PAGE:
When asked for the National Farmers Union’s view of the Canadian International Grains Institute (Cigi) merging with Cereals Canada, Stewart Wells was succinct.
“We take a dim view of it,” Wells, the NFU’s second vice-president, said in an interview April 22.
“Right off the top, one of the concerns we would have is, is Cereals Canada, with all of its corporate board members, setting itself up to be a replacement for the Canadian Grain Commission (CGC) at some point? That’s a pretty key concern. I think you’ve got to scratch pretty hard to find Cereals Canada saying anything positive about the Canadian Grain Commission in the past number of years.”
Grain companies and some farm organizations have raised concerns about the CGC, arguing it adds extra costs to the business of buying and exporting grain.
Wells pointed to comments made by Viterra president and CEO Kyle Jeworski who argued in favour of ending mandatory CGC outward inspection while speaking at the Canadian Crops Convention in Montreal March 6, 2019.
“I think it’s important that we have the Canada Grain Act to better reflect our industry today and prepare for the future,” Jeworski said. “We need to remove unnecessary regulations. There are many examples — grain grading, weighing, inspection. There are things that add cost and delays in our industry.”
Having the CGC, an independent third party, grade, weigh and inspect grain, helps to ensure farmers are treated fairly, Wells said.
Jeworski was referring to those services being provided by the CGC at terminal elevators, where the grain belongs to companies not farmers.
Viterra and other grain companies frequently hire private grain inspection services, which they say grain buyers are satisfied with and sometimes prefer. But because of the grain act, the CGC must grade that grain as it’s loaded on ships. And charges to do it. The companies complain they pay twice for the same service, adding unnecessary costs.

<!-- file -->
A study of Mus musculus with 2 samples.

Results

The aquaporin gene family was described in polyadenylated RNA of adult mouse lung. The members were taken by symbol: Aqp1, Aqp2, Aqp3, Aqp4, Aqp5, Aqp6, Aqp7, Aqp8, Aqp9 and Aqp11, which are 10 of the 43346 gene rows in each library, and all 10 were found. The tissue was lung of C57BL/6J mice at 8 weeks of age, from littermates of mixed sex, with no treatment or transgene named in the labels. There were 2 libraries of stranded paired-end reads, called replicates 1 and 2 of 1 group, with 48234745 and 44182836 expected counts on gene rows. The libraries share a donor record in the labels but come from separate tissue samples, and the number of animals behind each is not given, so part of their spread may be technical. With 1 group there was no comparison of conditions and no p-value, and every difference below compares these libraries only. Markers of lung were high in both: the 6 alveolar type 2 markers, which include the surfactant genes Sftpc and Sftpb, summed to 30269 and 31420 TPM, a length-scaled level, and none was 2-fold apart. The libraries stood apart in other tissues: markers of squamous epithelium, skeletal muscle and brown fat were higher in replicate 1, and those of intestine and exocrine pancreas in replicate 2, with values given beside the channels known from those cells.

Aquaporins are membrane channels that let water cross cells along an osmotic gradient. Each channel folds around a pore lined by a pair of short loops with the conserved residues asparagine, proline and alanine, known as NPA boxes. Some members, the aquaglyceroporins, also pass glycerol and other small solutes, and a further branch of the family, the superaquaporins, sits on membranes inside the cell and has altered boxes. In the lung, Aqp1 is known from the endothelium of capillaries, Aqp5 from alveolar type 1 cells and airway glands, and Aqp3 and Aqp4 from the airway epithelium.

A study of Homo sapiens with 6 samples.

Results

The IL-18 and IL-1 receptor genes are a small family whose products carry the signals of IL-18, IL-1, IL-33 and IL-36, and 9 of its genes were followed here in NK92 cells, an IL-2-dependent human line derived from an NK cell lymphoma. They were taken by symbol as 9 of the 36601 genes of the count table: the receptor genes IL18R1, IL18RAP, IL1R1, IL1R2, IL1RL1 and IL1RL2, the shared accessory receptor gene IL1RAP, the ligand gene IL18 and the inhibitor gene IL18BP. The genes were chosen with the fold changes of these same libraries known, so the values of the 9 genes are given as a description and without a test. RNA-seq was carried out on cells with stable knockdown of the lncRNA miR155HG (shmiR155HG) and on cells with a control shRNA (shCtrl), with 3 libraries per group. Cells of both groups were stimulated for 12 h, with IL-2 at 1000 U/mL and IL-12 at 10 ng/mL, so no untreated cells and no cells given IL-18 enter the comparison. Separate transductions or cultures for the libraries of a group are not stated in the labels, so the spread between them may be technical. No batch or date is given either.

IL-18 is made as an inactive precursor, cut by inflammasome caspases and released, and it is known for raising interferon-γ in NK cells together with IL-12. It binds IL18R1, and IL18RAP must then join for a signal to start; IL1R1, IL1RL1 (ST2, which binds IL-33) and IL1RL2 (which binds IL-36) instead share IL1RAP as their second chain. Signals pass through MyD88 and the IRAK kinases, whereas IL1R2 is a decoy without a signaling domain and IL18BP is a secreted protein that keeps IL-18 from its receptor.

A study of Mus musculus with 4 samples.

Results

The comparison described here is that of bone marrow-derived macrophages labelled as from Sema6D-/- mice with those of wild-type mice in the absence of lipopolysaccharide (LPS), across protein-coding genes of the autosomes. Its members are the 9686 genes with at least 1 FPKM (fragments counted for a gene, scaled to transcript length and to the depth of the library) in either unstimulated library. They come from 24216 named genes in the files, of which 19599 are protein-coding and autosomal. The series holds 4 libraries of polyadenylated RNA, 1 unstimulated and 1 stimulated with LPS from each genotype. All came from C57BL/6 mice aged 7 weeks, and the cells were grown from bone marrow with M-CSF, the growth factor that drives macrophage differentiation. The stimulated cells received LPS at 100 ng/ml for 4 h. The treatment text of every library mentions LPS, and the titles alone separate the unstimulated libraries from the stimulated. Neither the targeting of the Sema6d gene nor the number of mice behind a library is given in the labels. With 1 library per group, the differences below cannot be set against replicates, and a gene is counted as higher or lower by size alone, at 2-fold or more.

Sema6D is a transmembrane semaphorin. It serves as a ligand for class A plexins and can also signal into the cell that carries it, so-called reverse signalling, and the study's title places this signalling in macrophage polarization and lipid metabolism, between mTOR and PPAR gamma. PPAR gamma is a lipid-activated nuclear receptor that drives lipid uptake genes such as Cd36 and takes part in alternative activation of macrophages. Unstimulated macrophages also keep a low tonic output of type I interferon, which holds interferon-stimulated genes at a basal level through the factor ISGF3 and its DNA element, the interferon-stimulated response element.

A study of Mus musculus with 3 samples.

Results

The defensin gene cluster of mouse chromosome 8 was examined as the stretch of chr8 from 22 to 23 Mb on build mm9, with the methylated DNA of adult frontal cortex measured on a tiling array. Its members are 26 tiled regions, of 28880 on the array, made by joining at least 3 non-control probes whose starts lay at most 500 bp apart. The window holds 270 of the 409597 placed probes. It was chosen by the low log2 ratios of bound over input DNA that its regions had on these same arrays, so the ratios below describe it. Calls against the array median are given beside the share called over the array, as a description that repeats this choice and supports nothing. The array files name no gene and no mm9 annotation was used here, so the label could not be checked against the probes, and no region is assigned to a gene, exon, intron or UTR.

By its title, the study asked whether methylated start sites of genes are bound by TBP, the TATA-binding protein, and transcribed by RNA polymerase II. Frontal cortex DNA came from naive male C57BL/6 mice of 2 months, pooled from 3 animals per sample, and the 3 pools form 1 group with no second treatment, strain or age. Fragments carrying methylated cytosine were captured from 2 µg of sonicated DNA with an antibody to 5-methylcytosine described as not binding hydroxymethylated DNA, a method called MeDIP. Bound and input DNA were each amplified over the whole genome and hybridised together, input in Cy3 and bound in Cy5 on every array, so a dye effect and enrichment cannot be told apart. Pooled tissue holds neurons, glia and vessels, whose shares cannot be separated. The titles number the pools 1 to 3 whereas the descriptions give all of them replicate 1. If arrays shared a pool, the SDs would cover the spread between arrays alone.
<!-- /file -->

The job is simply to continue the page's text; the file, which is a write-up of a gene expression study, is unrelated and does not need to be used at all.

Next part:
But as protectionism grows, the CGC’s role in grading export grain is more important than ever in dealing with potential disputes, Wells said.
“For 100 years those companies have been trying to get rid of the Canadian Grain Commission,” he said. “They have just become bold enough in the last two years to say it like the CEO of Viterra said in public.”
By weakening or eliminating the CGC Canadian grain will lose its brand, allowing grain companies to play farmers in one country off against farmers in another to get the lowest price, according to Wells.
Some farm groups, including the Keystone Agricultural Producers, also support the CGC.
But others, including the Alberta Wheat Commission support ending mandatory CGC inspection on grain exports.
It’s time to reassess the CGC’s role, considering some of what it does is replicated by Cigi, said one grain industry official, who didn’t want to be named because they didn’t have permission to speak publicly.
“Is there potentially some duplication and potential for inconsistencies because you have people working in the same areas? I think so. I think we definitely need to take a look at how the industry has structured itself and what is it we really want the grain commission to do,” the official said.
“What is its purpose in all of this? Just because it previously was involved in certain activities, including international quality factors, does that mean that it always has to continue doing so? I don’t think so.
“I think you need to look at how the industry in both Canada and abroad have evolved to see where we get the best bang for our buck from our Canadian regulator.”
The official suggested the CGC stick to ensuring farmers get paid by grain companies and leave grain quality control to Cigi and grain companies.
“Ensuring grain quality is at the core of our activities as mandated by the Canada Grain Act,” CGC chief commissioner Patti Miller said in an email April 23.
“To fulfil this responsibility, the CGC regulates the grain-handling system in Canada, manages Canada’s grain quality assurance system and establishes and maintains science-based standards of quality for Canadian grain. Our research, programs and services help support Canada’s reputation as a consistent and reliable source of high-quality grain.”
While the CGC, Cereals Canada and Cigi collaborate they also have different mandates, Miller said.
By law the CGC’s mandate is “in the interests of the grain producers, to establish and maintain standards of quality for Canadian grain and regulate grain handling in Canada, to ensure a dependable commodity for domestic and export markets.
“As the federal regulator of Canada’s grain sector with well-established laboratory capacity, the CGC also conducts high-level grain research work that would not be possible for Cigi/Cereals Canada, given the expertise and equipment requirements. It’s also important to note that the CGC’s role as a regulator is not limited to wheat and barley but Canada’s 20 official grains (named in the grain act).”
A review of the CGC and the Canada Grain Act, which began early in 2019, has been “temporarily suspended” due to the COVID-19 pandemic, Miller said.